35 Facts about English Language

  • Can you believe that over 1 billion people speak English as their second-best language? That’s more people than you can imagine! English is the most popular additional language learned worldwide, and it is one of the coolest facts about English language.
  • The cool story of English started over 1,500 years ago! Long ago, tribes from Germany came to live in Britain. They began speaking the earliest forms of our language. So, English has been spoken for a super long time!
  • Did you know English is always growing? Every three months, new words are added to the dictionary. Writers like Shakespeare helped make English what it is today by inventing over 1,700 new words! We can thank them for the fun words we use.
  • English spelling can feel tricky because there aren’t strict rules to follow, which is one of the surprising Facts about the English Language. Words are sometimes spelled differently than how they sound. This makes reading and writing more exciting as you decode each word!
  • Can you think of any fruits hard to rhyme with aside from “orange”? Rhyming is trickier than it seems!
  • Awesome ambigrams look the same upside down or backward! See if you can find any in your spelling words. These will blow your friends’ minds.
  • With just one vowel sound, “screeched” contains the most letters for a single-syllable word. Your tongue sure gets a workout, saying that one, making it among the interesting Facts about the English Language! Facts about India for kids
  • Ever heard of an isogram? Words like “noon” use each letter the same number of times. They give our brains fun puzzles to solve.
  • Homonyms are words that can mean different things based on how they’re used. For example, “bank” refers to money or a river’s edge.
  • The tiny words “to” and “be” are probably in every sentence you read or write. They occur so habitually that we barely notice!
  • Did you also know the letter Q is never by itself? It always brings along its pal U. They’re like peanut butter and jelly!
  • With around 60 languages within England alone, dialects developed differently throughout the country. This led to today’s many regional accents!
  • “Set” can mean so many things – more than any other word. From emotions to groups of objects, it’s a versatile vocabulary word, setting it in the cool Facts about the English Language category.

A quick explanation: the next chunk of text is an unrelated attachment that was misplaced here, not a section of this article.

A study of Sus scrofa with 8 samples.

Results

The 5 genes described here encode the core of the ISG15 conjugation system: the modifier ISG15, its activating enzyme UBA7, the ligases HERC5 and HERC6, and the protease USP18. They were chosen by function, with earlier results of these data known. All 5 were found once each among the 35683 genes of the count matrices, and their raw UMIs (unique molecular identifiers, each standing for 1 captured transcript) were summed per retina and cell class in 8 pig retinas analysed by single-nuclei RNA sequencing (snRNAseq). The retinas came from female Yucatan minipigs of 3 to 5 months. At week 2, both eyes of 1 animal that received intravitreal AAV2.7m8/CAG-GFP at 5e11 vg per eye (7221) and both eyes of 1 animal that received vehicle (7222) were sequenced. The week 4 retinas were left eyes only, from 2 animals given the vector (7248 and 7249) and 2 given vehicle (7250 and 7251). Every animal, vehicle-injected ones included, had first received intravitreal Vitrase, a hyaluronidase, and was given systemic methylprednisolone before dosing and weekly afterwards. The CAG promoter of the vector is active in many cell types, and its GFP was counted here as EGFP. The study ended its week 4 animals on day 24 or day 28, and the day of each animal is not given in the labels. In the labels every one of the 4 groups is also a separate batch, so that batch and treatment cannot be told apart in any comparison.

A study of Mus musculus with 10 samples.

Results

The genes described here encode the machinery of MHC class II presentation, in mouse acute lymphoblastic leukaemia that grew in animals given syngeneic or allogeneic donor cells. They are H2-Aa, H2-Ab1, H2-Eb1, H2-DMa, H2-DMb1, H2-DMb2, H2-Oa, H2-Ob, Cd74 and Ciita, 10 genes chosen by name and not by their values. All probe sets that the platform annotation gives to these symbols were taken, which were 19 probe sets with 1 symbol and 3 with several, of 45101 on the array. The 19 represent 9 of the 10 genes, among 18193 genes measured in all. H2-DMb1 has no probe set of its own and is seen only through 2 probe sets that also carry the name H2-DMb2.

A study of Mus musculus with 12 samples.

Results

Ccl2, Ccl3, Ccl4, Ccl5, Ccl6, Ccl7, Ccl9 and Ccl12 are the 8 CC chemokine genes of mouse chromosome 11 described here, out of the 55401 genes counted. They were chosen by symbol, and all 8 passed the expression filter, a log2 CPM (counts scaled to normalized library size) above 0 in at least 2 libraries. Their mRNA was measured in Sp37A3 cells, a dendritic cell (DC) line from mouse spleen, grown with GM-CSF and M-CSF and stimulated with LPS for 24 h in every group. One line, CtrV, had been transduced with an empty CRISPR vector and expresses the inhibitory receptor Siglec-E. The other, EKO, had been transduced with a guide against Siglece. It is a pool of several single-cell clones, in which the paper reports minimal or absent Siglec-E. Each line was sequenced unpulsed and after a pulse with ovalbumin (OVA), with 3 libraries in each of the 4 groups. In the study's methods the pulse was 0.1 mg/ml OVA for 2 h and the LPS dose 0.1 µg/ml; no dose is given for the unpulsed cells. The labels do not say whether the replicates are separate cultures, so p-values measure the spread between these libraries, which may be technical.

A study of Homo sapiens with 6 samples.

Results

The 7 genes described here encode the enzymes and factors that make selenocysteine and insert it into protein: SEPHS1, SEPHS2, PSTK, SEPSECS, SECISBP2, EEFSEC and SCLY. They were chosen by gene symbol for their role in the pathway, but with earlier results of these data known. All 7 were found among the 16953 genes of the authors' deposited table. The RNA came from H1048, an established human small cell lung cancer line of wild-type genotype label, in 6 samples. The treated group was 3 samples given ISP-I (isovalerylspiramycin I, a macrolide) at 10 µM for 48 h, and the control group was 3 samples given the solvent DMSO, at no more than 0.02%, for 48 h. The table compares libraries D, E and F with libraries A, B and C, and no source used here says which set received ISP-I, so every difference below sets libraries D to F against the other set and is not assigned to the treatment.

• Did you know “television” comes from Greek for “seeing from a distance”? Pretty perfect since that’s what TVs let us do!
  • Have you ever heard a cool simile like “jumping like frogs” or “as bright as the sun”? They make descriptions more fun by comparing two things.
  • Capitalization changes the meaning of words like “Polish” and “Polish.” These capitonyms offer a neat twist! Check facts about insects.
  • Words like “happy” become “happily” by changing the ending to “i” when adding suffixes. Isn’t English spelling crazily creative?
  • Slang words are informal and change quickly as new ones emerge. Part of what makes language living and evolving!
  • The “ough” sound has eight possibilities! Say those combinations aloud – “through, cough, bought, dough” – and laugh at their variety.
  • Believe it or not, English has over 1 million words. That’s way more than any other language. Our options are endless!
  • The study of words is called a lexicon. It explores concepts like cognates, homographs, and onomatopoeias. Vocabulary is endlessly entertaining!
  • Though spelled differently, “night” and “knight” sound alike. Homophones challenge us to think more deeply about meaning versus form.
  • Most people use around 2,000-5,000 words daily. But very educated English speakers know approximately 20,000! You’ll get there with practice.
  • Tongue twisters are meant to entertain while also strengthening sounds. Try saying, “She sells seashells…” rapidly ten times!
  • Adjectives describe nouns like “big dog,” while adverbs modify words like “run quickly.” Learn the roles of parts of speech. Check facts about human body.
  • Think of words like “pasta” and “corona” – how English adopts loanwords from other world languages for its vocabulary.
  • Ellipses (…) can imply a thought trailing off or mean something was left out of a quote. They allow for subtle reflection.
  • Words from places and names are called eponyms, such as “sandwich” and “macaroni.” Think of others?
  • The space bar separates words for easier reading unless they’re contractions like “don’t” with no space between.
  • Relative pronouns introduce groups of words and connect them to other people or ideas, using words like “who” and “when.”
  • Compound words merge two words into one new one, changing meaning, as in “daydream” and “sunshine.”
  • Possessives (‘s) show ownership. Contractions omit letters such as “can’t.” This punctuation variety enriches how we write!
  • Closing punctuation sits at the sentence’s end, while questions and exclamations appear inside the final quote. Do you think you spotted them?
  • Abstract nouns are notions like “happiness” unseen by our five senses versus concrete tangibles.
  • Transition words flow between ideas by connecting like “however,” “moreover,” and “nevertheless.” They build cohesion.